A new proposal from a consortium seeking to take control of the UK's largest commercial broadcaster because it carried too much risk.
Its board said Apax Partners, Blackstone and the private equity arm of Goldman Sachs were willing to pay 130p to investors who wanted to cash in their shares.
The indicative offer - which valued ITV at #5.37 billion - was an improvement on its initial approach which would have seen the bid group take effective control but offered shareholders no chance to sell their stakes at a premium.
ITV said the latest package had been rejected because it was "unduly risky" to load the company with #3.5 billion of debt and the consortium were not offering enough money to justify the abandonment of its existing growth plans.
Directors were worried that burdening the company with so much debt was a gamble when the media industry was cyclical.
"This high level of debt would have enabled the consortium to buy, for less than #1.3 billion, a 48 per cent stake in a company which, immediately prior to the leak of the consortium's approach, had a market capitalisation of #4.8 billion," ITV said.
ITV acknowledged the consortium - fronted by former BBC director-general Greg Dyke - had tried to address its concerns about the original offer, which it had rejected because it was not in the interests of all its shareholders.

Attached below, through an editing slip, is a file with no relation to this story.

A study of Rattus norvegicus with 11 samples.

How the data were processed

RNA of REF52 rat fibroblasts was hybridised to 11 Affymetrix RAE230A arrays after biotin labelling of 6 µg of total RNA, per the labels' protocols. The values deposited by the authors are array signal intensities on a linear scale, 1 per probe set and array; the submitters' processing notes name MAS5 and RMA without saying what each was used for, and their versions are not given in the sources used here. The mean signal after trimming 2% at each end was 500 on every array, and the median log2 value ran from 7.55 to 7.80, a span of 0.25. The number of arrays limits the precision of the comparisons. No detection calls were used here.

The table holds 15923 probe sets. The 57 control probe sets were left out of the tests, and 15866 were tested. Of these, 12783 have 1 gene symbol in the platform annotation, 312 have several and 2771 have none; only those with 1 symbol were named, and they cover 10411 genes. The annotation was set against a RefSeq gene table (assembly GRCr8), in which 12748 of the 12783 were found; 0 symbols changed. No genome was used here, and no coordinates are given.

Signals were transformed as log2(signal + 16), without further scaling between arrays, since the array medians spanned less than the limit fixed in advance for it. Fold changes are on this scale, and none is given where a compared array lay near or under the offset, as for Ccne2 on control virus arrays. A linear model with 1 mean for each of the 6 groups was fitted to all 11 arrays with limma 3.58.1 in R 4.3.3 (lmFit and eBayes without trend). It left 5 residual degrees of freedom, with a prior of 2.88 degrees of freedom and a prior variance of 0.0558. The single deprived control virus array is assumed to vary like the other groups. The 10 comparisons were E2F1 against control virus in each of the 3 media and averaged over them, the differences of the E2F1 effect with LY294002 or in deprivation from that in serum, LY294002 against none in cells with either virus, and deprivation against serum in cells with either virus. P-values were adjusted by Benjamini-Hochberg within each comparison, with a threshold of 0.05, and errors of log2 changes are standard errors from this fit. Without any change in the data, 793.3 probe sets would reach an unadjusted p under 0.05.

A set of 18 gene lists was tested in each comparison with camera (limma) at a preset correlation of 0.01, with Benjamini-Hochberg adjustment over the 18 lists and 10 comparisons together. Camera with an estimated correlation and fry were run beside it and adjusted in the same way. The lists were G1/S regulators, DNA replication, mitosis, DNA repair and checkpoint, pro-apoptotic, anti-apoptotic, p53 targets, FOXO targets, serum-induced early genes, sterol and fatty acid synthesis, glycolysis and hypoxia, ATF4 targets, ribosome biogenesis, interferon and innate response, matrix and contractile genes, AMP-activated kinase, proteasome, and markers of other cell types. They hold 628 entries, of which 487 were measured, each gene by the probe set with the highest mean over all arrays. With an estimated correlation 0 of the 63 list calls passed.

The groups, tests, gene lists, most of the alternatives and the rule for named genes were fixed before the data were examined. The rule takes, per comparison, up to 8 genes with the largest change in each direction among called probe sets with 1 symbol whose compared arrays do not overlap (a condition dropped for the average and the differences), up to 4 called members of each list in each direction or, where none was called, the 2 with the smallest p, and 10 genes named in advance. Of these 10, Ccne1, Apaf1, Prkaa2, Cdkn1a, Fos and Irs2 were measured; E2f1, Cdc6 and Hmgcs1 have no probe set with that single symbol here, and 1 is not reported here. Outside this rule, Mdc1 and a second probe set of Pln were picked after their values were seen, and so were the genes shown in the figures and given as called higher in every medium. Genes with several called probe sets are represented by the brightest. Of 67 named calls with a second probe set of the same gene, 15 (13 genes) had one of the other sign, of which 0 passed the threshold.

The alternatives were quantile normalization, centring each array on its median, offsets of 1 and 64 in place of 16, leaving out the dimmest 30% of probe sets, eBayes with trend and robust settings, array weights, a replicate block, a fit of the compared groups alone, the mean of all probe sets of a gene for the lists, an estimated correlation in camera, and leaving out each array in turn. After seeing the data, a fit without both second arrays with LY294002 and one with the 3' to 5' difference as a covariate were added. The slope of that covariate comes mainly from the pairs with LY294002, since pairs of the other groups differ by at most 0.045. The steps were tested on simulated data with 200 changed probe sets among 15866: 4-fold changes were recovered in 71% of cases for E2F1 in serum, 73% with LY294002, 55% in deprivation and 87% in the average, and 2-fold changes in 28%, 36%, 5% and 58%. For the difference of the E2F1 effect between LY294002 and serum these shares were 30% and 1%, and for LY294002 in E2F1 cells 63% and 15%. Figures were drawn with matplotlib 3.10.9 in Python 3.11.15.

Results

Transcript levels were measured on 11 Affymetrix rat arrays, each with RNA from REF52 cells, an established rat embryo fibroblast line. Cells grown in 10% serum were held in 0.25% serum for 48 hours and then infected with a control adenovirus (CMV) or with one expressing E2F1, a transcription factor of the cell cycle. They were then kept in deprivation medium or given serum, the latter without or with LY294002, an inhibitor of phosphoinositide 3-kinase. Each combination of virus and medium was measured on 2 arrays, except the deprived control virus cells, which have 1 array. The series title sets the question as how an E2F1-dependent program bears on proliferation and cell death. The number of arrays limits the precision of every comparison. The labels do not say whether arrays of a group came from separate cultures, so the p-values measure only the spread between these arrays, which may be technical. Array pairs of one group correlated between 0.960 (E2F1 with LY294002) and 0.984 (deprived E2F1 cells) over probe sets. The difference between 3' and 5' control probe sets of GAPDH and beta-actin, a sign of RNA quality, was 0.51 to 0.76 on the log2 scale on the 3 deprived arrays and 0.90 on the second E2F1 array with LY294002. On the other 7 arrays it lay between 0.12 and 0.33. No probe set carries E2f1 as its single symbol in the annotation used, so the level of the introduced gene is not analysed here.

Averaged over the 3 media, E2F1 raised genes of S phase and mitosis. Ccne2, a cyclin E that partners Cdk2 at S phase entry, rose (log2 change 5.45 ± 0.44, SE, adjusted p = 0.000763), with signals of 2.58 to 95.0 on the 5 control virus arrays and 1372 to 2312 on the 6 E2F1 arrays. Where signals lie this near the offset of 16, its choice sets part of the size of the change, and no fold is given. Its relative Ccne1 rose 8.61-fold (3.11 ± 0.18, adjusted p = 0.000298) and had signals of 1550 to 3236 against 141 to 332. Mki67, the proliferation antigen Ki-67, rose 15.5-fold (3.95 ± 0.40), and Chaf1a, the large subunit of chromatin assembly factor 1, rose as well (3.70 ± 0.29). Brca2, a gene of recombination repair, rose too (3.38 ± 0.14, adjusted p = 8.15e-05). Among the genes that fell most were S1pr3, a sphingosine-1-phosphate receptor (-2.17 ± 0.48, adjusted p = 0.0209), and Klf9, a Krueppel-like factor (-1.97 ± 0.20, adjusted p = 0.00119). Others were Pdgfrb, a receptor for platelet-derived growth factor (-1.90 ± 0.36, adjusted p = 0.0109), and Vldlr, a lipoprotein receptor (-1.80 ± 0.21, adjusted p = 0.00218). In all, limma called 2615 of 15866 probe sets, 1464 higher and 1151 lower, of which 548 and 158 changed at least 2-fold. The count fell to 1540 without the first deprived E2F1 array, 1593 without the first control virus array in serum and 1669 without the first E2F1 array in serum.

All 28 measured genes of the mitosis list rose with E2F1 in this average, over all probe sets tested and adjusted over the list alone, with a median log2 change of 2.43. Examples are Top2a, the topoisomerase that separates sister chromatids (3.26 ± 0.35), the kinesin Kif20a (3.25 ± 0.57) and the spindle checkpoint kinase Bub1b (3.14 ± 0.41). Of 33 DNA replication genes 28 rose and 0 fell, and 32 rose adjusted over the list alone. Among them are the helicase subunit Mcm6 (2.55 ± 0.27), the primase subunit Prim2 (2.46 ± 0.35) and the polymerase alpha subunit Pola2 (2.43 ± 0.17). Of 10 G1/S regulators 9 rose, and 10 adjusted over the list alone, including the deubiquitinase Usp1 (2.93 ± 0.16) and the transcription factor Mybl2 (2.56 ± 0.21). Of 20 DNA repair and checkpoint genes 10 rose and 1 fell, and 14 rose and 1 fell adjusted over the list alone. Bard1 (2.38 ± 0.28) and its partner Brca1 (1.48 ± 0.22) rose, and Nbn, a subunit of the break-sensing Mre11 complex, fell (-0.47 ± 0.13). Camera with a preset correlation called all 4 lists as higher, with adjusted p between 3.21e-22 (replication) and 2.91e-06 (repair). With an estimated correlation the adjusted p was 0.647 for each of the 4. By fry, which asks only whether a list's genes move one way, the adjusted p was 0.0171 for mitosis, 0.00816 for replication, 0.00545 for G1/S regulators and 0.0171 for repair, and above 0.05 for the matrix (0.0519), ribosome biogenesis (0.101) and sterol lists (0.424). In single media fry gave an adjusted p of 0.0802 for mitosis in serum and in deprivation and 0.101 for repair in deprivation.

Under the new proposal, investors who wanted to check out of ITV completely could have received 44p for each of their shares on top of the 86p that the consortium had already vowed to return.
ITV would have remained a publicly quoted company, with existing shareholders offered an opportunity to remain co-invested alongside Goldman Sachs and Apax.
ITV said: "The board was strongly of the view that the level of the proposed cash exit did not compare favourably with the value that the board believes can be achieved through the delivery of ITV's current plans."
A proposal pitched at 130p offered only an 11 per cent premium to its share price on the day before news of the bid approach leaked out, the broadcaster said.
Analysts backed the stance of the ITV board and believed it will prompt it to return more cash to shareholders than the #300 million share buyback programme that has already been announced.
Leigh Webb, of broker Panmure Gordon, said: "We believe it may be close to the end of the road for the consortium if this is the best offer that it can come up with for non-participating shareholders."
The value of the deal also looked unattractive to Steve Liechti of Investec, but he was surprised the indicative offer was not put to investors.
He said: "We suspect the decision goes down to who one should back - Greg Dyke, with a strong reputation, who could do something radical, but an outsider, or Charles Allen, who has performed well in some areas, but has not done so in terms of audience at ITV1, which continues to disappoint."
SG analyst Simon Baker said: "It's unlikely we'll see the consortium coming back with a third option. The more likely scenario is that ITV's board will be that much more wary of being noticeably underleveraged."